Different China’s Will Report Different Impacts – From Recession and Stimulus

Friday, April 17, 2009 9:31
Posted in category Uncategorized

Conversations on the impact the global economy’s woes on China’s economy, and the actions take by Beijing to address those issues, are quite often over simplified to the point that members of the media, policy makers, consultants, and yes… even bloggers… tend to lump “China” into a single geographic market.

It is something while I initially tried to address in my early posts, have not taken the time to do lately. Something that became very clear while having brunch last weekend with friends and discussing the current state of affairs.

It was one of those conversations where we were arguiing our points, making our case, and doing our best to prove the other side wrong, but doing so in a way were we were all right because the context by which we were framing our positions were so different.

So, with that a new series is born.

A series that will look at a number of factors that readers should consider when wondering what the impact of the economy will be of either the failing western economies, or the impact of the massive stimulus package that Beijing has rolled out.

The 6 major constraints that I will focus on, that I believe are the most important, are:
1) A matter of geography – Looking China’s regional economies
2) Investment vs. Export vs. Consumption – China’s big 3 economies
3) State owned/ JV/ Private firms – Which structures are able to take the pain?
4) Sectors – some industries are better suited in a recession, some aren’t – some will make it, some won’t
5) Records of Success – some firms have good management, some don’t – some will make it, some won’t
6) Greed – Taking advantage of a recession to get out while the getting is still good.

As these are topics/ issues that we have discussed during the good times at All Roads, and have been shown to have an impact during those times, these constraints are equally important to understand as the economy looks for a bottom and decision makers are now looking to make some very different decisions.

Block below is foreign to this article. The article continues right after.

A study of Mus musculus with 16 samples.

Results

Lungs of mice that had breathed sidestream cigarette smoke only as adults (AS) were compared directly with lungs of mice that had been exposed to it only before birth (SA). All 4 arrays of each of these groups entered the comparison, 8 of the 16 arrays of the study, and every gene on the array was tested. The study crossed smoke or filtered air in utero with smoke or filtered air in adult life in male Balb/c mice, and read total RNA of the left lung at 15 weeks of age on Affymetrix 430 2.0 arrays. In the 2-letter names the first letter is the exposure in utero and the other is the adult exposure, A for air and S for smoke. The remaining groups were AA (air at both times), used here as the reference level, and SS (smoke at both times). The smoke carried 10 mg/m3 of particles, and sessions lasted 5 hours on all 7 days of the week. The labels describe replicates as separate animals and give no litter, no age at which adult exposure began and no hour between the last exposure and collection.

Stay tuned to next week’s posts, and prepare your questions/ comments.


  1. Chris Devonshire-Ellis says:

    April 18th, 2009 at 2:05 am

    Hi Rich;

    You may also want to take into consideration the dynamics of the country on the nearest border, as cross-border trade at the next point will directly affect the local region and it’s own GDP. China has 14 neighboring countries and the impact these have on the nearest cities is little understood. Clearly the impact of North Korea on Dandong and Jinan is significant as is the same with Kunming and Nanning and Hanoi, in just two examples. We’re covering specifically this in a new series on China Briefing, and it’d be interesting to compare with your findings. “China GDP” is a bit of a myth when applying statistics to such a large country and only gives the mean performance. In no way do such figures indicate what is happening even on a provincial, let alone a specific city basis.

  2. Matt says:

    April 18th, 2009 at 7:27 am

    Good to see the man back! Rich it’s a good concept, and I think both you and CDE have it right when looking at GDP and similar measurements. It’s the various regional positions that count and are interesting, not the national position. Im looking forward to yr findings.